Dental Crowns & Caps
Denatal crowns are used for protecting and repairing teeth that have been damaged or diseased, or to cap implants. This procedure if often done immediately after a root canal procedure (in most cases) but are also recommended in other injuries like tooth fractures, big dental caries or discolored teeth.
The procedure of getting a dental crowns placed isn’t all that painful. Usually, the dentist will give anesthesia so that you are comfortable. The tooth would then be shaped or ground down so that space can be made for placement of the new crown. An impression/measurement record is made and sent to a lab for casting procedures. The laboratory prepared new crown is then glued into place with special cement that can keep the crown fixed there.
Most often, patients are confused regarding the types of crowns available. Dental crowns can be chosen based on looks or for strength or the right combination of the two needs.
Dental crowns are typically made from silver or other metal alloys (colbalt,chromium,paladium etc), and ceramic compounds such as zirconia and porcelain. There is also an option of PFM crowns which are metal fused to porcelain crowns. Dental crowns are also made to a lesser extent from resin/acrylic based materials. These resin crowns are temporary in nature.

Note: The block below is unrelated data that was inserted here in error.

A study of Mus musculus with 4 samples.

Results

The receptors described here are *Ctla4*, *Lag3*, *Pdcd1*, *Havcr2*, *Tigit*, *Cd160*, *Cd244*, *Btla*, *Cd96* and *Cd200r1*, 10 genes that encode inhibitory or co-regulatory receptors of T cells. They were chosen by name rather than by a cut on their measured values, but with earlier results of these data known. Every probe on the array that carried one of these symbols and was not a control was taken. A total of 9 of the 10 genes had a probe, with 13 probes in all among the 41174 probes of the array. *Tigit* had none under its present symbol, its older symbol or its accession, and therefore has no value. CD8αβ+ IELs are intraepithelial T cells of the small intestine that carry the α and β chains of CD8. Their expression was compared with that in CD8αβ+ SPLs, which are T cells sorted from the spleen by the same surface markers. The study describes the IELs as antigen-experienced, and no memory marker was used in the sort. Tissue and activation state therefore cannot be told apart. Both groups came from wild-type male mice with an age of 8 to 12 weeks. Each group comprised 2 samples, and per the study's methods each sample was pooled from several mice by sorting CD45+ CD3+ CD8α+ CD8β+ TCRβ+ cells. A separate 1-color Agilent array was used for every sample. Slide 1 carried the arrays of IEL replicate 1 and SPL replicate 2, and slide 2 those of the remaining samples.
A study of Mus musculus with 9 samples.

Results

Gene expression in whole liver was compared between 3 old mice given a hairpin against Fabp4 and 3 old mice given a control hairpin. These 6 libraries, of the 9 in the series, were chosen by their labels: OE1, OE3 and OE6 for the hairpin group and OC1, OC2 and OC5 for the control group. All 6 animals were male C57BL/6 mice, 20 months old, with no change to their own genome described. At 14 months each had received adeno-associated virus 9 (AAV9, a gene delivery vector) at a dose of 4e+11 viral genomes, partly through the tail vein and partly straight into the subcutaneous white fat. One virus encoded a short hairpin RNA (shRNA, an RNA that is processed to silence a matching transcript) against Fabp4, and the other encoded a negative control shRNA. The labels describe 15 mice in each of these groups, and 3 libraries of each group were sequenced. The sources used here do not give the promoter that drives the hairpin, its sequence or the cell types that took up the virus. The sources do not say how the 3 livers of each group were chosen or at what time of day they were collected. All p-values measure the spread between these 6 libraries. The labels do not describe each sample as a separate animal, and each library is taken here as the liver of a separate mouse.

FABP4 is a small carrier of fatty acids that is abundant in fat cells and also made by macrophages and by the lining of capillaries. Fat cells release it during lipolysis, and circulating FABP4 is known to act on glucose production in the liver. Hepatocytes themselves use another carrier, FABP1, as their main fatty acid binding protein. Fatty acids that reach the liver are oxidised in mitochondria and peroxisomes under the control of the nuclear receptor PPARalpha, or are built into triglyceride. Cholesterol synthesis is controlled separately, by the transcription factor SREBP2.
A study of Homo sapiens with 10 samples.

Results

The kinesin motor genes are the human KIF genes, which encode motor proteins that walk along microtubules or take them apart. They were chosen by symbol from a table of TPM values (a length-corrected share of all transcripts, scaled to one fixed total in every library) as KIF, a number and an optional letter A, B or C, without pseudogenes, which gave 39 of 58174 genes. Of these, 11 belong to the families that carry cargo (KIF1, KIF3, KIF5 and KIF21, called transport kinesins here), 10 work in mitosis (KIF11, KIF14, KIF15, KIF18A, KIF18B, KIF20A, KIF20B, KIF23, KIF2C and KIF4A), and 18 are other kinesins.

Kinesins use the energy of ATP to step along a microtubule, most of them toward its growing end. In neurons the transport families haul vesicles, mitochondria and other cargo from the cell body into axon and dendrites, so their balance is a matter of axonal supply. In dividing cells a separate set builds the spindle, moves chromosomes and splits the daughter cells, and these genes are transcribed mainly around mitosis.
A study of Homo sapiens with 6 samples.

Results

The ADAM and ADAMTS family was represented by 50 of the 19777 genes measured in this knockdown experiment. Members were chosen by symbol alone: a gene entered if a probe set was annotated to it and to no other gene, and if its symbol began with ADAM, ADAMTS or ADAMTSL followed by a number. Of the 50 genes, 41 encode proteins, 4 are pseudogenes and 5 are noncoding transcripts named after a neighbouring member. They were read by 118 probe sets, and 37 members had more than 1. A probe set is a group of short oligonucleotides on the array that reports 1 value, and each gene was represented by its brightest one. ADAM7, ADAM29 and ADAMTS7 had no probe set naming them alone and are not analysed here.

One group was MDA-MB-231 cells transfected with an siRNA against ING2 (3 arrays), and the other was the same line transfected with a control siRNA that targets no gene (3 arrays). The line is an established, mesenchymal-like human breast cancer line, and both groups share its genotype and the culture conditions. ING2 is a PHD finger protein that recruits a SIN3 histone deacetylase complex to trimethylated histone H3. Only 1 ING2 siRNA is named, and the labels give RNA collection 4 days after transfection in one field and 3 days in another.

Metal crowns are considered as one of the time tested method for teeth replacement, however, metal has poor esthetics. Hence it is not encouraged in anterior teeth.
However, of late, the strength of esthetic materials have also increased such that tooth like colour can be mimicked on a metal base. This is known as PFM crowns. porcelain-fused-to-metal (PFM) crowns have both strength and esthetic appeal. However, over time, they tend to show a small metal margin along the gum.
Starting in the new millennium, other highly realistic tooth-colored materials became available. These include lithium disilicate and zirconium oxide (the strongest porcelain). These new generation all-porcelain dental caps are an excellent choice when it comes to the front teeth, where appearances are important. They have an amazingly life-like end result but are known to fracture easily in case of high stress. However, more research is being done even now to upgrade the quality of these tooth like materials.
A new type of crow called as endo-crown has been introduced lately which meant to be uised in RCT treated teeth with poor strength to aid in improving their life span. However, this type of crown if required is often decided by the dentist. This is available in metal as well as metal free crown options.
Although crowns are one of the most preferred methods for restoring teeth that have been damaged or worn down, they’re not infallible and probably won’t last indefinitely. Most dental labs and dentists tell patients their dental crowns will last anywhere from 5 – 15 years. But this time frame is dependent on the patient age, oral health and biting forces.
Some factors you can consider before you select crowns are:
- Your age
- how long the tooth will last (weak/strong tooth)
- the position of tooth in your smile
- your financial constraints if any
Often the dentist will recommend you a type of crown based upon the above factors.